Reply To: Newly diagnosed 7 year old with angry, out of control behavior

Nikcococo
Participant

Have you heard of the five love languages? Everyone have different things that make them feel loved. If they don’t feel loved, they may behave negatively and get very anxious.

https://www.focusonthefamily.com/marriage/communication-and-conflict/learn-to-speak-your-spouses-love-language/understanding-the-five-love-languages

Mine are words of affirmation and acts of service (things people do), so I would feel very pressurized by high expectations of being a dream child and cornered by actions such as when people keep trying to ‘talk and fix’ issues. I think it’s the physical distance that scares me when they do that. I would beat myself up about not being in control of myself for certain issues that ‘doesn’t meet expectations’ by throwing, breaking things and yelling a lot. And feel worse after that so as a child I can become violent for a period of time if the issue isn’t solved.

It’s contradicting, so it can also lead to a lot of anxiety. But sitting down and talking immediately doesn’t resolve it because I need to calm down first. Like your child, I behave normally most of the time and seem like the type who never gets angry. Angry outbursts may be from suppressed emotions over time and not suddenly angry bomb in the brain.

If you noticed your child’s strong reaction – throwing something at you when you try to find him and go home together – sometimes your action seem threatening to him as it makes him feel cornered.

Maybe he also feels like he has a split personality because he can be calm and also extremely volatile so it can make him anxious. I was scared when I suddenly started screaming and breaking things in my room in my twenties because I haven’t done that in ages and had things ‘under control’. I was also scared about the ‘sit down and fix it’ talks although people mean well. The more concerned questions, the more anxious I become. I don’t feel comfortable talking to people when I have issues because I feel like they are imposing solutions on me but not understanding how I feel. I would also wander outside for hours because I felt a lot of pressure from all these concerned people and live up to their expectations of being a dream child.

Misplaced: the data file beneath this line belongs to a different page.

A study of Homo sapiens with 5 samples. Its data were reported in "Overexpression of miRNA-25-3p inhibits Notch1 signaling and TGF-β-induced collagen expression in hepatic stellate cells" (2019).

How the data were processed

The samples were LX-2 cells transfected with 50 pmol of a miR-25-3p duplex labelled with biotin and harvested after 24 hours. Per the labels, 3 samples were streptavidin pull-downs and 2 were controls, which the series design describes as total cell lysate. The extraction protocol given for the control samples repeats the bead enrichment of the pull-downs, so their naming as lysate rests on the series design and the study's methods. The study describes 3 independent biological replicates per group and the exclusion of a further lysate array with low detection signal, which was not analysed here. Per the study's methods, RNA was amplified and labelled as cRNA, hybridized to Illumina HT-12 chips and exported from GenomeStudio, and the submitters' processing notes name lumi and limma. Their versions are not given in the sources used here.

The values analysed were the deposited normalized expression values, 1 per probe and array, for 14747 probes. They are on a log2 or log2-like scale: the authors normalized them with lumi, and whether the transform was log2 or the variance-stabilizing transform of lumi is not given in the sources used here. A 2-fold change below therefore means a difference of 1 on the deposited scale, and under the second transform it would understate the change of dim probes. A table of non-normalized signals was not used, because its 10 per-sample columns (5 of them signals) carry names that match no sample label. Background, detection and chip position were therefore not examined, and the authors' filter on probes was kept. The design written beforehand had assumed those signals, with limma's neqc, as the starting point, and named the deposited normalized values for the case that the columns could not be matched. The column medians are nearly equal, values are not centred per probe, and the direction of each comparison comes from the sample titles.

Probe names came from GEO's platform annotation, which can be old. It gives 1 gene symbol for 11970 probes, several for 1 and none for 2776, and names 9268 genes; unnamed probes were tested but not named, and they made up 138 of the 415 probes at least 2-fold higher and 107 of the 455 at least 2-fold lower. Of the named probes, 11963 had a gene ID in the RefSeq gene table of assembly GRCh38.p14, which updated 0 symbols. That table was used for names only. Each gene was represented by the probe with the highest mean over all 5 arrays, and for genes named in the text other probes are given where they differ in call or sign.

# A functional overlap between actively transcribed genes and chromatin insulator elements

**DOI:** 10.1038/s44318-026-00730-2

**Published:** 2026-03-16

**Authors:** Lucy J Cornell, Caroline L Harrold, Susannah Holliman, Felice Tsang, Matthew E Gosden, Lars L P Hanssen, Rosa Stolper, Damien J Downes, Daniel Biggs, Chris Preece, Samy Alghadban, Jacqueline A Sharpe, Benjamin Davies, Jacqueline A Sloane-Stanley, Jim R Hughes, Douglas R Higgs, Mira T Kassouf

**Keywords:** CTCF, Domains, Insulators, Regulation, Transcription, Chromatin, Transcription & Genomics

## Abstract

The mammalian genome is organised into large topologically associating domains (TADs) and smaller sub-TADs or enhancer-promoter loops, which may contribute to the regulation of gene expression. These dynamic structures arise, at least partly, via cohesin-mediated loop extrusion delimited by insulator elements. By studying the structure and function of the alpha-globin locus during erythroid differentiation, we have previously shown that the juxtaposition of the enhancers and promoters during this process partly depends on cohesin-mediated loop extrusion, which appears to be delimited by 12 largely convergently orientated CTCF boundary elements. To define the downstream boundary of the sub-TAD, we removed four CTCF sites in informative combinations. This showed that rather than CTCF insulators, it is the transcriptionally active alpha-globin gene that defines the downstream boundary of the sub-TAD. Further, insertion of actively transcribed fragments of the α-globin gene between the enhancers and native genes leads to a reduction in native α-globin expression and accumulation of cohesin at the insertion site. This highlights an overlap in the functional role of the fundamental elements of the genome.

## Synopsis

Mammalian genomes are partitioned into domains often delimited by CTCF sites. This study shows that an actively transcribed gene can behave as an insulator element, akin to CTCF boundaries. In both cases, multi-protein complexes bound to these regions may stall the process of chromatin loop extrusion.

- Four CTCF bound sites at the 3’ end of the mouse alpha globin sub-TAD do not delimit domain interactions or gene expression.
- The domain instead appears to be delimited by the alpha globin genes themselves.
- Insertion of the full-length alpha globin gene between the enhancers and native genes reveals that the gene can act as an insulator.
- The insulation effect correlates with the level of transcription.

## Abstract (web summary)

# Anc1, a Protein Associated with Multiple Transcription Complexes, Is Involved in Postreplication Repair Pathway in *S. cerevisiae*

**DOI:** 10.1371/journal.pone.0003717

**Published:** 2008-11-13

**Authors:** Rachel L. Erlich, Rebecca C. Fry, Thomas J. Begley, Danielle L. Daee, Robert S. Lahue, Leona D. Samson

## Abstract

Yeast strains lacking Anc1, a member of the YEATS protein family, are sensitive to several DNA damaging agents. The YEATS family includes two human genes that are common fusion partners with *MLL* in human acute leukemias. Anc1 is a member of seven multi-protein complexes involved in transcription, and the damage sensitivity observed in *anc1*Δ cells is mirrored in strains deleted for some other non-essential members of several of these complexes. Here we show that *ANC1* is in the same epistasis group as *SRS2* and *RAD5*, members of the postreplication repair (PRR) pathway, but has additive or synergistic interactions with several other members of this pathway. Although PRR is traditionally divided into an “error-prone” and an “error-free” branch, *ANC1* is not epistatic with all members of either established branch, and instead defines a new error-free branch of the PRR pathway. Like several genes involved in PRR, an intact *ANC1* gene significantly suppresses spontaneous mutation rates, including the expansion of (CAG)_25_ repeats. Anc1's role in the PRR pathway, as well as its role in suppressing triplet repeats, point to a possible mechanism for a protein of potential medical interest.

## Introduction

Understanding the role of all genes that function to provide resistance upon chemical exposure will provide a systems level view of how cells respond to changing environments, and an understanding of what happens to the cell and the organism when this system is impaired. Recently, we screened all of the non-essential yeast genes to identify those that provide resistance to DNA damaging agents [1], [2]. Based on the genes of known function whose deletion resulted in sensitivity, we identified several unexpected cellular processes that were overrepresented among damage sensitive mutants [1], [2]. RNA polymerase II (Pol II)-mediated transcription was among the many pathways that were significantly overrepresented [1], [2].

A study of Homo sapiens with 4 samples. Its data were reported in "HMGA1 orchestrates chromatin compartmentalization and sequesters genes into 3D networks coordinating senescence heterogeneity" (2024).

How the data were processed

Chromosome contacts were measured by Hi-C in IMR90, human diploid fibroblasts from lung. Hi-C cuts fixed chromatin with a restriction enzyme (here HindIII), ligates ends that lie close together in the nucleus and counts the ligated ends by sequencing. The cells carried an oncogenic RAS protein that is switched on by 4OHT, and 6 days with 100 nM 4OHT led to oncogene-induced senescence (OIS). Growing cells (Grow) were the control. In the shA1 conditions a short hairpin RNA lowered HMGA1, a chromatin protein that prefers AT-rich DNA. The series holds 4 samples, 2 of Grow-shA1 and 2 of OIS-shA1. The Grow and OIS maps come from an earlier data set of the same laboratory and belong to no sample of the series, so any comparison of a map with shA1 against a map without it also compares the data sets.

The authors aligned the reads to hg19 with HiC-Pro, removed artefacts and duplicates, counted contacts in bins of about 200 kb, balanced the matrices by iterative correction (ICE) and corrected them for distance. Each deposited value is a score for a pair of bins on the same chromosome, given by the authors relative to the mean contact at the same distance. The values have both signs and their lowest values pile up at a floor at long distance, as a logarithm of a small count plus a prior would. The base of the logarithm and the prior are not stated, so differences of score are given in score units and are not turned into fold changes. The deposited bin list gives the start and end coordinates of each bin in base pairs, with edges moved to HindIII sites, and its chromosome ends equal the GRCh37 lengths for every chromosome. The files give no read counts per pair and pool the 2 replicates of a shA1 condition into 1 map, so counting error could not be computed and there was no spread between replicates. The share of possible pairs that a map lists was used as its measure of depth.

Some suggestions :
As your son is quite young, and don’t seem comfortable about talking about his anxieties or problems, don’t confront him. He is probably aware that he is facing some issues with things in life but too emotionally overwhelmed to fix it now.

1) maybe when he is feeling OK, you can gently tell him short stories from picture books about how characters deal with difficult emotions like anxiety. I read a book about this little girl who wanted to live in a tree house. Her father built it for her but she eventually felt anxious and lonely, so it ended with him telling her if she needs warm soup, warm bed and a hug, she can always come home. Sometimes anxiety is also a very lonely feeling especially when you feel nobody understands. Speaking from a third person point of view on storytelling reduces the pressure on him.

Don’t say: It’s OK to feel anger but not OK to hit people.

Say: Do you know that I feel angry too and don’t want to talk about it to anyone? Let him ask you why and what you do about it. Maybe you read a book or watch cartoons that make you laugh. Ask him if he has a favorite cartoon character and what he/she does. Personally I like Robin from teen titans because he is calm when everyone else is panicking. But he does silly things himself sometimes.

Don’t speak to him in a way that sounds like you are talking down to him (giving him orders) and judging him. The 7 year old kid I live with doesn’t like to be treated like a kid when I talk to her, but she likes other childish things like lollipops and playing with toys because she is still a child.

2) Let him have an outlet for his frustration with time on his own. When I’m stressed, I may do badminton drills where I keep practicing smash shots or play soccer with my friends. I kick the ball really hard but not at them, I’m just kicking it across the field to score a goal. You can play sports with him as long as you don’t stick too close to him physically, show him how to do it safely and let him do it on his own while you sit at a bench.

After a few hours, when I sit down with my friends, we may start talking about stuff. Giving people the freedom to choose when and what to talk to you about makes them more comfortable with talking to you as they don’t feel cornered.